First, we wish Happy Birthday to Bubble Wrap and its manufacturer, the Sealed Air Corporation. The company was founded by Bubble Wrap's inventors, Marc Chavannes and Al Fielding in 1960, after the accidental discovery of how a product they originally designed as textured wallpaper could provide a new kind of cushioned packaging.
Yesterday was also the 10th anniversary of "Bubble Wrap Appreciation Day," and you can find related activities to enjoy all year long at http://www.bubblewrapfun.com/.
In "Pop" Culture Icon Turns 50," the company notes it ran a special gold color edition of the product yesterday. William V. Hickey, President and CEO of Sealed Air Corporation, stated, "We are thrilled to have the golden opportunity to celebrate 50 years of our hallmark brand, Bubble Wrap." He added, "We are honored to manufacture a product that not only serves to cushion fragile materials, but also provides the added benefit of helping to de-stress and bring smiles to the faces of people of all ages worldwide.”
NOTE: Hickey, an FEI member, shared with us:"I have found the FEI network to be a great benefit over the years."
Now, if only there was a bubble wrap that would have cushioned (and de-stressed) the U.S. and global economy from that other kind of bubble! In fact, economic bubbles (even the positive trending ones) tend to get a bad rap. On that note, I can't believe no one's written a song called "Bubble Rap," although I did find a song called "Bubble Wrap" by a British group called McFly.
Although there may be no true economic bubble wrap, various proposals are currently on the collective drawing boards of the Office of the President, the Halls of Congress, G-20 leaders and accounting standard-setters (FASB and the IASB), to try to prevent bubbles such as those tied to subprime mortgages which - when popped - contributed to a credit crisis.
Here's a sample of some recent actions and related developments:
President Obama Calls for New Restrictions on Size and Scope of Financial Institutions to Rein In Excesses and Protect Taxpayers (White House Press Release, January 21).
The President's plan has been widely described in the press as "The Volcker Plan," since its central points have been ascribed to former Fed Chairman Paul Volcker, Chair of the President's Economic Recovery Advisory Board (PERAB). The proposal, described by some as an antidote to "Too Big To Fail," and by others as a return to the Glass-Steagall Act, was hailed by some, including the New York Times' Gretchen Morgenson, in her article on Sunday, Resetting the Moral Compass.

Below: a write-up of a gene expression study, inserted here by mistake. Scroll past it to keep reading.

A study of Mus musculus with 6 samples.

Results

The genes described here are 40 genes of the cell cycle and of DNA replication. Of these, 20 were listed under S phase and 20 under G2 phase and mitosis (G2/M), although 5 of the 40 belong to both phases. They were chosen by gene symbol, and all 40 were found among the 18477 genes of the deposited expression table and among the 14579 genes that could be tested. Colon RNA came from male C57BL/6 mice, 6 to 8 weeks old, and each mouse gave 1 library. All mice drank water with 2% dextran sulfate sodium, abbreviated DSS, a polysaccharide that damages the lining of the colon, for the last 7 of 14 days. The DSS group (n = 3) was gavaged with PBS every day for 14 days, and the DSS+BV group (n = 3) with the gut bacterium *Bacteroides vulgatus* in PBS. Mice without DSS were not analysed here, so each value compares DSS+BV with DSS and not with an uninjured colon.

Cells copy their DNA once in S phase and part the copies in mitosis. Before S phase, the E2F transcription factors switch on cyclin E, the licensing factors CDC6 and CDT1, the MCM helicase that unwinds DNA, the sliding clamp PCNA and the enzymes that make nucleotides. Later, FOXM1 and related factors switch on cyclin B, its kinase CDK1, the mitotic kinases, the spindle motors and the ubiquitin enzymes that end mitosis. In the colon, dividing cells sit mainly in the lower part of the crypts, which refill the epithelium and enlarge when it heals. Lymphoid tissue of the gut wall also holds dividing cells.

"The White House is finally elevating the discourse on how best to rein in risky behavior at banks and protect beleagered taxpayers from future bailouts of Wall Street," Morgenson stated.
However, she also noted, "The proposal has its weaknesses. In the pantheon of risk taking at banks, it is hard to argue that proprietary trading involves substantially more peril than that inherent in commercial lending... And some may wonder why the proposal's spotlight is so trained on proprietary trading and hedge fund operations, since these were not where banks experienced their greatest losses during the crisis."
Some observers describe the plan as a return to the days of the Glass-Steagall Act, separating investment banking and commercial banking. In response to a question on that point, PERAB Chief Economist Austan Goolsby told a press briefing the proposal is not a return to Glass-Steagall.
Personally, (I remind you of the disclaimer in the right margin of this blog): having observed the Federal Reserve Board hearing in Feb. 1987 presided over by then-Fed Chairman Paul Volcker, at which the CEOs of Bankers Trust, Citigroup, and JP Morgan testified as to why they believed they should be permitted to engage in certain activities (initially, to a limited extent), which were prohibited by Glass-Steagall (I worked for Bankers Trust at the time), I can see how some observers view last week's proposal as hearkening to a return to Glass-Steagall.
In the accounting realm, the subjects of fair value accounting and disclosure, and potential moves to dynamic provisioning (or loan loss provisions for 'expected' rather than 'incurred' losses) have been in the news lately, as follows:
Watchdog Says Global Accounting Plan Could Exacerbate Procyclicality (Rachel Sanderson, FT, 1/22, reporting on remarks of Lord Turner, Chairman of the U.K. Financial Services Authority.Regulators Plan to Override IASB's Loan Loss Rule, Says FSA's Turner, (Duncan Wood, Risk Management magazine, via http://www.risk.net/.)
Finally, on the subject of bubbles, see Plenty of Blame to Go Around (Edward Chancellor's review of John Lanchester's book, "IOU: Why Everyone Owes Everyone and Nobody Can Pay," in the WSJ.)